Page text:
Make A Playlist: Add a video to get started!
faq  |  playlists  |  log in  |
Make A Playlist: Add a video to get started!
Add to Playlist

Ancient Greek Theaters and the Golden Mean


Ancient Greek civilization peaked in the 5th century BC. The theaters of that age (with their fine acoustics); the idealized statues of gods and athletes (with their sophisticated contrapposto poses); and guiding principle of balance, nothing in excess — the Golden Mean, make it easy to appreciate that Golden Age.

Complete Video Script

[108, Stoa of Attalos, Ancient Agora, Athens] The Golden Age — roughly around 450 BC — was the peak of Greek civilization. It was the age of Socrates and Plato, of democracy, philosophy, and a flowering of the arts — including drama and performance arts.

[109, Ancient Greek theater at Epidavros, Greece, late fourth century BC] Every city had a theater. Performance arts were woven into society — going to a play was like going to church — it was where morals were taught.

[110, Ancient Greek theaters at Ephesus in Turkey and Taormina in Sicily] Greeks generally built their theaters into hillsides. Given their size — often with over 10,000 seats — and the obvious lack of modern amplification, the acoustics needed to be excellent…and they still are.

[111, theater at Ephesus]
Rick: Friends, Greeks, wayfarers, in these times of discord, fear is rampant in our society. I contend that the flip side of fear is understanding. And those who travel will reap great understanding — by meeting people who find other truths to be self-evident and God-given."

[112, Temple of Hephaestus, c. 450 BC, ancient Agora, Athens] During the Greek Golden Age, the age when the Greeks created some of the greatest works of art ever, the guiding principle was the Golden Mean: in other words, "nothing in excess." In both life and art, it was all about the Golden Mean: everything was to be in balance.

[113] For the Greeks, the human body epitomized the balance and order of the cosmos. The balanced contrapposto pose — again, weight resting on one leg — is found on countless statues. They were looking for the perfect balance between opposites, between stillness and motion — like this athlete as he coils — pausing just before unleashing the discus. The correct proportions of these perfect humans echoed the order of the Greek cosmos and symbolized their highest ideals. The optimistic Greeks portrayed their gods as humans with perfect anatomy.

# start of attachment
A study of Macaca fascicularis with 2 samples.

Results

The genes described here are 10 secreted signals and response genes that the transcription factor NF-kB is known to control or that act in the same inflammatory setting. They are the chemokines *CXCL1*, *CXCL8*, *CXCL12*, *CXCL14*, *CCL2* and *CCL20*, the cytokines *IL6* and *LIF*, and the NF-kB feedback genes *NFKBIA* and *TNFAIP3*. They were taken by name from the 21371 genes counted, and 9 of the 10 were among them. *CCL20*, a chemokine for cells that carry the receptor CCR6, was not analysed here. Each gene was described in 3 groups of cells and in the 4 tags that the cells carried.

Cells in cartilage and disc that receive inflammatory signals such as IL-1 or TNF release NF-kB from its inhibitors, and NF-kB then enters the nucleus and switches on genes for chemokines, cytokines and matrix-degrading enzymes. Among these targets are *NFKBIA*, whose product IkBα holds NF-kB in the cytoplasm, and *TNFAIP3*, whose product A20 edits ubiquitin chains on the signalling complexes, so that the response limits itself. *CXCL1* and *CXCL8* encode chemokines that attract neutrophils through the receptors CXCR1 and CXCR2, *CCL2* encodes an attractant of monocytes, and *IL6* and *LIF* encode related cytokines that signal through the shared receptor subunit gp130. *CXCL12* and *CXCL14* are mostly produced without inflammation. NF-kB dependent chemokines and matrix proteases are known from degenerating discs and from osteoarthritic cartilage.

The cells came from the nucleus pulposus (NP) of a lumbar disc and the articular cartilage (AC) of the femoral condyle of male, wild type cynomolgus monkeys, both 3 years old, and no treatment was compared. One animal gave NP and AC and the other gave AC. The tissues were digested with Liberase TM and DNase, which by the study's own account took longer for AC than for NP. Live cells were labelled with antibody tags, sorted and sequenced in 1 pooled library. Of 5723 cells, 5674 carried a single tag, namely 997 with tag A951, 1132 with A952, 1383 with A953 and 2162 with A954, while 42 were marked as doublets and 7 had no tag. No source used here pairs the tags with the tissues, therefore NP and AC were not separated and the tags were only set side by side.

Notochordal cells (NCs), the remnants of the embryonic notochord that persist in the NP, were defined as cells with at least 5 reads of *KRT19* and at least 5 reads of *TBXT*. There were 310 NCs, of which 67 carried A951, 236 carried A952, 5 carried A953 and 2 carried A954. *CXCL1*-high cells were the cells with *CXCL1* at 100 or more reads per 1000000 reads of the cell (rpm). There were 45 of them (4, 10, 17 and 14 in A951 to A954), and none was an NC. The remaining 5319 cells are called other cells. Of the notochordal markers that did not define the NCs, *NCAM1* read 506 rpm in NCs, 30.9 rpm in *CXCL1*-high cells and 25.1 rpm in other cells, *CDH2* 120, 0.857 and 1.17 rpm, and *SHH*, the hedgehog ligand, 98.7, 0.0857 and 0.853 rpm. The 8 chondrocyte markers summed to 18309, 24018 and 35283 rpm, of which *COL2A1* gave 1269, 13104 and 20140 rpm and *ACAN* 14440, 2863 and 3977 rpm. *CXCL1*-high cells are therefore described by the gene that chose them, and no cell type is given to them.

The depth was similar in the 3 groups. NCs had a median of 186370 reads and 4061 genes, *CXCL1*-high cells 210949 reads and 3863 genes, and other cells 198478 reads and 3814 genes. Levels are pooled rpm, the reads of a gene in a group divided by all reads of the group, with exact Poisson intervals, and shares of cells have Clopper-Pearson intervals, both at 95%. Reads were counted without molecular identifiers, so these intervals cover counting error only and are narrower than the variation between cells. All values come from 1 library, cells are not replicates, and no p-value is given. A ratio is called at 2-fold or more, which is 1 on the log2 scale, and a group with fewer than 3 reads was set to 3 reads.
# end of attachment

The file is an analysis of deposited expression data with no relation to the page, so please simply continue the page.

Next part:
[114, Venus de Milo, c. 150–125 BC, Louvre, Paris] This well-proportioned statue, from a later period, is Venus de Milo. This "goddess of love" epitomizes the balance the Greeks so admired. Split Venus down the middle, from nose to toes, and see how the two halves balance. Her contrapposto pose sets her entire body in motion. Her left leg rises, while her right shoulder drops. Her knee points one way, her face the other. All this gives her body a pleasing S-curve, as Venus slowly orbits around her vertical axis. Amid an entourage of twisting and striding statues, each modeling the ideal human form, Venus de Milo reigns supreme, summing up all that was best in the ancient Greek world.

[115] For the Greeks, the evolution of their goddesses mirrored the evolution of their society: from the simple figurines of prehistory to the stiff-but-stable statues of the Archaic period after their centuries of turmoil, settling into the Golden Age, — becoming ever-more relaxed and realistic — and, finally, the wild exuberance of this goddess emblematic of the next stage in Greek art: the Hellenistic era.